Southeastern Hosts Its Fourth Annual Associational Mission Strategist Conference
Chad Burchett | August 12, 2022
On August 9-10, Southeastern Baptist Theological Seminary (SEBTS) hosted its fourth Annual Mission Strategist (AMS) Conference for ministry leaders, pastors, and associational leaders from fourteen states.
“I honestly believe many of our biggest obstacles in North American missions today find their best answers at the local association,” shared Keelan Cook, Instructor of Missiology and George Liele Director of the Lewis A. Drummond Center for Great Commission Studies at SEBTS. “I am convinced our local Baptist associations are one of the most strategic layers of ministry in our convention.”
Our local Baptist associations are one of the most strategic layers of ministry in our convention.
During the conference on August 9-10, speakers reminded associational leaders that they are uniquely positioned to equip, mobilize, and network local churches, enabling fruitful partnerships for regional ministry. Associational leaders not only support healthy multiplying churches but also help to revitalize or replant declining and plateauing churches. As a trusted encouragement to local churches, the ministry of associational leaders is integral to regional efforts to fulfill the Great Commission.
“Because of their relational investment in regional churches, associational mission strategists are respected leaders among the pastors in their associations,” commented Chris Allen, Assistant Director of Church and Convention Relations. “Their strategic position of influence makes them powerful Great Commission catalysts if they remain forward thinking. Southeastern loves sharing our Great Commission vision with these leaders as we work together to train and mobilize Baptists to serve the local church.”
Southeastern loves sharing our Great Commission vision with these leaders as we work together to train and mobilize Baptists to serve the local church.
With the goal of equipping and resourcing associational leaders for fruitful ministry, the AMS Conference offered more than one hundred regional ministry leaders an opportunity to network, to learn best practices from other practitioners, and to explore resources for equipping and mobilizing local churches and pastors. This year’s conference added a unique practical element with panel discussions and workshops intentionally focused on applying best practices and addressing challenges in rural, suburban, and metro contexts.
As the median age for pastors steadily increases, intentionally identifying and discipling young leaders is as important as ever, shared Scott Pace, Dean of The College at Southeastern and Associate Professor of Pastoral Ministry and Preaching at SEBTS. During his workshop entitled, “Calling out the Called: Discipling Those Called to Ministry Leadership,” Pace encouraged associational leaders to help pastors reclaim the language of calling and disciple young Christians toward ministry leadership.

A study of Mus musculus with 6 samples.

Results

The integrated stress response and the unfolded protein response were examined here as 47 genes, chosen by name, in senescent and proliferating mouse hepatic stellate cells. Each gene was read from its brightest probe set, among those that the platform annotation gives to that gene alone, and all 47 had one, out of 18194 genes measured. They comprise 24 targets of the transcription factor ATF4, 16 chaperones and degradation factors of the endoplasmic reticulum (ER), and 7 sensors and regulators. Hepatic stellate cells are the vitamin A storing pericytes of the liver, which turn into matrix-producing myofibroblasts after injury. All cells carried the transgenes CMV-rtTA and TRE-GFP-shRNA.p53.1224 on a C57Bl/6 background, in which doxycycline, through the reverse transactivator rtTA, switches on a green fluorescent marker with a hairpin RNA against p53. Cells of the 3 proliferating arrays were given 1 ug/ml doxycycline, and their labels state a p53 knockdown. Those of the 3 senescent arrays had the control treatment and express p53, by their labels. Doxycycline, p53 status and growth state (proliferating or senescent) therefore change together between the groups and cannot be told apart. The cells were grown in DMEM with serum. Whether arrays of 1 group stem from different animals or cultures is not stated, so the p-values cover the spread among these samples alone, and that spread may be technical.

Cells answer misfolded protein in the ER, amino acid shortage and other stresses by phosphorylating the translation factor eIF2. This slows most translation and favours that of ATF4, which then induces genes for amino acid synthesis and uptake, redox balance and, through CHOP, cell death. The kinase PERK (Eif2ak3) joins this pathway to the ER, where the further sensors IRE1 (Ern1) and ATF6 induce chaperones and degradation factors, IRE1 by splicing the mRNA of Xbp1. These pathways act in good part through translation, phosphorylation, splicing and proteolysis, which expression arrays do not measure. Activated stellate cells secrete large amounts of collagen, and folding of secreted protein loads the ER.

Even as young pastors come alongside experienced ministry leaders and pastors, these current leaders still often struggle with anxiety and compassion fatigue as they make daily sacrifices for local churches. “Ministry is about sacrifice, but lasting ministry is about sustainable sacrifice,” emphasized Tate Cockrell, Associate Professor of Counseling and Director of DMin and EdD Studies, during his workshop on “Shepherding Your Pastors.” Cockrell reminded attendees that associational mission strategists are uniquely positioned to help prevent pastoral burnout, enabling ministry leaders to process compassion fatigue and equipping them to move toward health.
Ministry is about sacrifice, but lasting ministry is about sustainable sacrifice.
Other workshops included basic training on topics as practical as “Communication Strategies that Fuel Associational Missions,” helping attendees build a toolkit of resources for social media posts, email outreach, and website development. “It is important to understand communications as a ministry tool,” shared Seth Brown, Director of Convention Relations for the Baptist State Convention of North Carolina.
The final plenary session of the conference, “Moving the Immovable: Leading the Church to Engage in Evangelism,” addressed the Church’s apathy toward community outreach. In the session, Cook challenged associational leaders to target the Church’s motivations rather than simply supplying churches with evangelism tools: “Moving the immovable in outreach is not primarily about tactics; it is about the heart of the Church.”
“It is a delight to host the AMS Conference on our campus each year,” shared SEBTS President Danny Akin. “These gatherings are always marked by sweet fellowship, gospel partnerships, and a deep commitment to seeing the Great Commission fulfilled. It is my delight to encourage the leaders and pastors in our local Baptist associations because they work tirelessly as senders, supporters, and strategists for Great Commission ministries across our country and around the world.”
If you are interested in partnering with Southeastern at the associational level, we would love to connect with you. Please contact Chris Allen at [email protected] for more information.